The Bonsall Unified School District (BUSD) board approved a proposal from Hernandez Environmental Services to provide focused biological surveys at the Gird Road property the district plans to use as the new location for Bonsall High School.
The BUSD board voted 3-2 Dec. 8 to approve the $38,810 contract, which will be reduced by $8,000 if wetland permit applications are not required, with the Lake Elsinore firm. Timothy Coen, Erin English, and Lou Riddle voted in favor of the proposal while Dick Olson and Sylvia Tucker cast votes against the motion.
“We’ve got to go through some of the seasons to get through the biological impacts,” said BUSD superintendent Justin Cunningham.
Bonsall High School currently utilizes a two-story building on the Sullivan Middle School campus. Contingent upon the prerequisites, including environmental approval and construction funding, the district will build a high school on the 50-acre site off of Gird Road and the two-story building will be used to accommodate middle school growth.
The April 14 BUSD board meeting included a 5-0 vote to approve a contract with School Site Solutions for an initial study to help determine the necessary level of environmental compliance. A BUSD special meeting November 10 included the acceptance of the initial study which outlined the need for focused biological surveys during blooming and nesting seasons.
The Hernandez Environmental Services proposal is divided into 13 tasks along with the potential 14th task of the wetland permit applications. The literature review task, for which up to $200 is authorized, will review the technical reports and environmental documents associated with the proposed project and the surrounding area if applicable.
A rare plant survey costing no more than $5,500 will include a literature search to determine the vicinity’s known locations of plants with protected status, a visit to accessible reference populations, systematic surveys of the site which are scheduled for April and May although precipitation issues may necessitate date changes, and preparation of a report with the results.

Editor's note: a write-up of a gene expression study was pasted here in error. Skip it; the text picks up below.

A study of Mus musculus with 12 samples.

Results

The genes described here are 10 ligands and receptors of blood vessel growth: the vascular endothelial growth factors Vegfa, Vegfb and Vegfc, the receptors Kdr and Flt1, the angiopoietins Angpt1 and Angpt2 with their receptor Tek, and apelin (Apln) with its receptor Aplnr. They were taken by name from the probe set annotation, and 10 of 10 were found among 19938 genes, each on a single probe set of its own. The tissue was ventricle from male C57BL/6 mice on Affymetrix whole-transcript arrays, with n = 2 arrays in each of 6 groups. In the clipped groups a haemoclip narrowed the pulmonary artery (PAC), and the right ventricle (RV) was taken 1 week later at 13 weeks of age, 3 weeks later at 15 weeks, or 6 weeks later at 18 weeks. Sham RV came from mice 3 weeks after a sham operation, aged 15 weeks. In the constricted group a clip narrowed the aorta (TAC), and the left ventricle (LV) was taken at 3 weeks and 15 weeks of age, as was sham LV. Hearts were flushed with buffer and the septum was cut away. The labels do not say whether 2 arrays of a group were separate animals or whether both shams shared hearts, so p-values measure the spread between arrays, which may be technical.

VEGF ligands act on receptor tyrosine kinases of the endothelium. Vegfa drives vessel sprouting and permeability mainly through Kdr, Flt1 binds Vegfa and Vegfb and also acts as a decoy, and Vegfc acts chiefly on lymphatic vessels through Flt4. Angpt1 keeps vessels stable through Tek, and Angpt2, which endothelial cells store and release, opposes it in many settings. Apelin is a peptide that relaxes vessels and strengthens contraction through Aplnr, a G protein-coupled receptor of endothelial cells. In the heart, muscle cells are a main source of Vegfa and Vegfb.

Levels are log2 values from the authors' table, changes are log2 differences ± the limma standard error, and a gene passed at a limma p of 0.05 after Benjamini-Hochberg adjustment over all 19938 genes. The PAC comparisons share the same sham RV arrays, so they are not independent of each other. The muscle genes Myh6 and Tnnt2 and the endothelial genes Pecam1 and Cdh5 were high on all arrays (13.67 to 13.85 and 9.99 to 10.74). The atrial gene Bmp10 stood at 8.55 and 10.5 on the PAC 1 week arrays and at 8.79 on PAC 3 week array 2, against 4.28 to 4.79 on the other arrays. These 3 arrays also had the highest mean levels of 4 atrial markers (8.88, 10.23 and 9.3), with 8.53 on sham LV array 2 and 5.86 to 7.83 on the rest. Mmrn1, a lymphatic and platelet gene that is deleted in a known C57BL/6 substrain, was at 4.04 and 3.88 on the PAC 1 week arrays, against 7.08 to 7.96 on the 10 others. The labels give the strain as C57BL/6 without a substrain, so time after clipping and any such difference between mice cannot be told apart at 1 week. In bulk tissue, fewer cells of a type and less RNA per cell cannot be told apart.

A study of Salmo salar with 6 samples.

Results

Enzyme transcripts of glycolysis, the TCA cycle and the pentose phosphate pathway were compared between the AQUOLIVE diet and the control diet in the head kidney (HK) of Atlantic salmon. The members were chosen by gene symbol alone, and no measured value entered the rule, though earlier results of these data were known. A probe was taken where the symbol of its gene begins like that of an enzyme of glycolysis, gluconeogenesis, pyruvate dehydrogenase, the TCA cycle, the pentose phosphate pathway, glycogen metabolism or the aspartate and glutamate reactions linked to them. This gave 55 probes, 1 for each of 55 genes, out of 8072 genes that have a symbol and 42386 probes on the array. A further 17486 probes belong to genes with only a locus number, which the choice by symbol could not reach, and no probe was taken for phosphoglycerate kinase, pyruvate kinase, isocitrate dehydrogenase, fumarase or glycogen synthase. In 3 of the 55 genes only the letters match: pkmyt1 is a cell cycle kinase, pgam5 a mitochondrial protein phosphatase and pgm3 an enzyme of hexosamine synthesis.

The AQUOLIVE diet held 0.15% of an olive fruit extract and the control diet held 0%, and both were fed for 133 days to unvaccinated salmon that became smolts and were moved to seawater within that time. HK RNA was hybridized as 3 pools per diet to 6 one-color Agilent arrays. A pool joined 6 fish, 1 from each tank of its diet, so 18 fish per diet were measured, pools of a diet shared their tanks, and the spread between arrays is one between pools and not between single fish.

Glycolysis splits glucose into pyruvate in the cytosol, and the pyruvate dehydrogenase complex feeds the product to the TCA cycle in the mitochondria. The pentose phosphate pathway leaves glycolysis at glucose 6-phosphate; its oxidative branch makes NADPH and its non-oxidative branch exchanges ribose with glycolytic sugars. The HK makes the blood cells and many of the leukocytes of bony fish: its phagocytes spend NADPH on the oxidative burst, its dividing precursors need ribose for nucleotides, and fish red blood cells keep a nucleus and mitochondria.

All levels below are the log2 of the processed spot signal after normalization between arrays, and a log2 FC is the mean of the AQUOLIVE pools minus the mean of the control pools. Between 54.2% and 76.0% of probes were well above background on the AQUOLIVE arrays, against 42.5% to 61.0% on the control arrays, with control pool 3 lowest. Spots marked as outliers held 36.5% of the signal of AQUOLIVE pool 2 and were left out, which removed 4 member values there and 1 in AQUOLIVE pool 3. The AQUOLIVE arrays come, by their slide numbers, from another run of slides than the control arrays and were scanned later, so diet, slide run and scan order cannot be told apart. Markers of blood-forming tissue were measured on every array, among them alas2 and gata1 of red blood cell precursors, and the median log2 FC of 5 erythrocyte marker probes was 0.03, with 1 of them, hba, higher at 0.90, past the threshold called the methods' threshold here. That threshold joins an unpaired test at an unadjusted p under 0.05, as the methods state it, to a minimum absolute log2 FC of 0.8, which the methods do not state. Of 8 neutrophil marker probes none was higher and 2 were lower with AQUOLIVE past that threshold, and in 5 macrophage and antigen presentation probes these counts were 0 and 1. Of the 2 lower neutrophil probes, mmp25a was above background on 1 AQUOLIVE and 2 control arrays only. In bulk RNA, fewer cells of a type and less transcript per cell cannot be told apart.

The Southwestern Willow Flycatcher focused survey and report will cost no more than $4,550 and will include five sweeps between May 15 and July 17. That is also the maximum cost of the Least Bell’s Vireo survey and report which includes eight sweeps between April 10 and July 31. Four sweeps between June 15 and August 10 will allow for the Yellow-Billed Cuckoo survey and report which has a cost limit of $3,150.
Phase I of the Burrowing Owl habitat assessment will include a walking survey to determine suitable habitat and has a fixed cost of $800. Phases II and III of those surveys will have a fixed cost of $2,400 and will provide four site visits. The survey report has a fixed cost of $800.
The Stephens’ Kangaroo Rat and Dulzura Pocket Mouse habitat assessment and report will cost the school district a fixed amount of $1,200. The fixed cost of $1,800 will provide an assessment and report on the potential presence of bat species. The nesting bird surveys between Feb. 1 and Sept. 30, which will include an evaluation of the effect of construction noise on nesting birds and recommendations for avoidance or noise attenuation, have a fixed cost of $2,100.
The draft environmental document may result in comments which would require responses, and that task which also includes general coordination and meetings with the project team will be performed for no more than $1,360. A study and report assessing the presence of oak trees will have a maximum cost of $2,400.
If wetland permit applications are required, the cost of no more than $8,000 will provide for preparation of permits and coordination including document editing and distribution.
Cunningham expects the environmental document to be a Negative Declaration or a Mitigated Negative Declaration.
“The indicators are pretty good,” he said.
The results of the focused biological surveys will determine whether the presence of any species would require an Environmental Impact Report.
“Those things tend to crop up,” Cunningham said. “There’s all kinds of different things that we’ve got to be aware of.”